No shame in feeding the worms and there is no Food for Worms without Shame, a biting gift from the indie art punk of the here and now. One of the smartest punk albums to ever hit shelves. Here it is right on all those streaming devices and all those bits of popular plastic. Self-loathing because the peak has not been hit, ironically, presents Shame with the chance to hit that starstruck quality opening track Fingers of Steel mocks and understands. Nothing gets done paying attention to others and Shame have survived on without it. C’est la vie. So be it. That attitude feels genuine. Shame is, as ever, thoroughly focused on creating good sound and great experiences that will get them to the top without chasing hashtags and trends. Their listeners and beyond could learn a thing or two.
Six-Pack, with its blocky, Wrestling Empire-like graphics for a music video, gives Eddie Green and Sean Coyle-Smith some room to showcase their disgustingly brilliant riffs and grinds. Those post-hardcore whines and groans that close out the track hit the right pace as Yankees does too, and Food for Worms cements a change of pace that lets them stick out in a spoken-word-stuffed genre. Desperate whining just barely heard over the crashing scope of exceptional guitar on Yankees is the stuff that every post-punk outfit is clamouring for, searching their soul for. Shame got their fire first. Had Alibis been harsher it would slot in toward IDLES’ debut album. But it does not and it should not as Shame has pushed on through with a marriage of grunge-like guitar sways and delicate, broad strokes from the mouth of Charlie Steen.
Even with those screeching and repetitive cries for amphetamine salts, the reductive qualities of Adderall, for all its underlying family drama, are a bit of a miss. Not as swaggering and bold, nor as self-confronting or touched as the tracks that precede it. But one solid-if-shaky track out of a bunch is no reason to cast it all aside. Still, Steen and company launch themselves into Adderall with such conviction it is hard not to feel something, anything, toward it. That is half the battle and Food for Worms has plenty of leftovers, providing track after track that feeds the mind and soul. It is a minor blip on a spotless run, with the gut-punch of Orchid roaring through once more, a beautiful pairing of acoustic and electric work on a bed of percussion relentlessly brought to the table by Charlie Forbes. The Fall of Paul feels ready to collapse with the band inside it but charting that and understanding it is the whole point of Food for Worms. Nothing lasts forever, but long may Shame reign.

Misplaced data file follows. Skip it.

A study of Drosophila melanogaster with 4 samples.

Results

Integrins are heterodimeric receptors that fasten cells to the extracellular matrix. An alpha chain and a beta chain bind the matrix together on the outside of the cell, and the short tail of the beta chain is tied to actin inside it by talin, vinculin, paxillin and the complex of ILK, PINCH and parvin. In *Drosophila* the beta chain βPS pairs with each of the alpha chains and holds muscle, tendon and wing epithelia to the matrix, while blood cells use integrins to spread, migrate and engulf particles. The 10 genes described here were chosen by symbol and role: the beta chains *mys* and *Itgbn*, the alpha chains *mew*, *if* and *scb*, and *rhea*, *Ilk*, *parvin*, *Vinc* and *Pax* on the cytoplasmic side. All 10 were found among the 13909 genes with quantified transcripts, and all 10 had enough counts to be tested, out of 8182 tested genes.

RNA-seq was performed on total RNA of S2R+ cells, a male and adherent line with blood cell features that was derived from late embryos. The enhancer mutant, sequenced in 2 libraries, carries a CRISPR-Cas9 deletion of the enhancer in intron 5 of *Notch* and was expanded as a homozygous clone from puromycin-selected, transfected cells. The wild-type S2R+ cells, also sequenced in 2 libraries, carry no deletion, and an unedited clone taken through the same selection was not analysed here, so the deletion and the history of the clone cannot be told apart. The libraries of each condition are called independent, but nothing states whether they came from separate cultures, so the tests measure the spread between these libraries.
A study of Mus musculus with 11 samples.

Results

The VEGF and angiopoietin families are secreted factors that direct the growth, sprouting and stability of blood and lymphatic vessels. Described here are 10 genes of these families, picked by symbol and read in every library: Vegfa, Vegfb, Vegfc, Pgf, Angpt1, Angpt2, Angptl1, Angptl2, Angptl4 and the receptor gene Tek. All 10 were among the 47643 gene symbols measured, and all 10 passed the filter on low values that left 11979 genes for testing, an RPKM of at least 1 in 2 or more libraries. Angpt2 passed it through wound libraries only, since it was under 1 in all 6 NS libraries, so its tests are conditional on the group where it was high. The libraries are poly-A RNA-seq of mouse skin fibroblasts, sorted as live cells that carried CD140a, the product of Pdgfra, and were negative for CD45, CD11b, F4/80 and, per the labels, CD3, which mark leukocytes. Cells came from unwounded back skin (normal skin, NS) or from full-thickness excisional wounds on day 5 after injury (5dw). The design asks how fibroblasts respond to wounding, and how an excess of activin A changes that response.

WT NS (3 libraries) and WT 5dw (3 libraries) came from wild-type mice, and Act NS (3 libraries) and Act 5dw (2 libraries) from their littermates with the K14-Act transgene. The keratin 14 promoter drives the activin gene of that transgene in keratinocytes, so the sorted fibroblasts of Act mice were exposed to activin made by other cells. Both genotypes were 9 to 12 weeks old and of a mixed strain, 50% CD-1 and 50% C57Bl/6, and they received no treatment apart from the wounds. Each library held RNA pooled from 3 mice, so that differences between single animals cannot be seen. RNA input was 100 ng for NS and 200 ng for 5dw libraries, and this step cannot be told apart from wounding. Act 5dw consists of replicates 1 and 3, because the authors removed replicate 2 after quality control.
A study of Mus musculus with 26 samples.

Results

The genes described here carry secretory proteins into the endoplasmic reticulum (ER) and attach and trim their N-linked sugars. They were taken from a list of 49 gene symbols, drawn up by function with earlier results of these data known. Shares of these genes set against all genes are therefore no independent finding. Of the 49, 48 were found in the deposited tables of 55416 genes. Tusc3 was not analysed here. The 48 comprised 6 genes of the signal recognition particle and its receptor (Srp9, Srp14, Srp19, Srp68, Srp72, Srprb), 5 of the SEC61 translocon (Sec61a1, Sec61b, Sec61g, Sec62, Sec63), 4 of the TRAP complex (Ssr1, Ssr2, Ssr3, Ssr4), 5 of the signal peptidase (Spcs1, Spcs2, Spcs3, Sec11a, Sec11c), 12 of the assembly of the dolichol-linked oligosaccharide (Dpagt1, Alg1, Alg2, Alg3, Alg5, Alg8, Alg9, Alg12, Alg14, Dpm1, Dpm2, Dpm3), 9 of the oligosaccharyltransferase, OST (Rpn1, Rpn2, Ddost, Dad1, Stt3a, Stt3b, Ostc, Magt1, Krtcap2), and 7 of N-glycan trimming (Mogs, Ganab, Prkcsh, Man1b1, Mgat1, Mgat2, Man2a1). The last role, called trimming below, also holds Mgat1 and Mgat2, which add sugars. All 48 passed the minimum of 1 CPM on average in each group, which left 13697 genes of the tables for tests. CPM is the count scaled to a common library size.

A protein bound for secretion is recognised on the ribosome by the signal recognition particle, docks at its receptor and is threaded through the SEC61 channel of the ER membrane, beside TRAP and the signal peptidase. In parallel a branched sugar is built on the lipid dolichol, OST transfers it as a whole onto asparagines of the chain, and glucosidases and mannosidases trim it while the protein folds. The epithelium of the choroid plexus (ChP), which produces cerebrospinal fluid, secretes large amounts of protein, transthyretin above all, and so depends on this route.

Shame is one of those records. You know the one. The one where, as the needle lifts, you start scratching at the seams of the vinyl, seeing if it will split in two and offer up more. It is nauseous to think it does not. This is it. But what a powerhouse of a record. A cry for help and a creative, necessary surge against the time of now. This is an album that cements survival. Few have made it past three albums and fewer still have continued after it. Shame has hit that third album. They have crossed the Rubicon and stapled their quality to their hands. Shaking the ground and striking through at something, anything, yet with such conviction, is a powerful statement that wraps a breakout trilogy.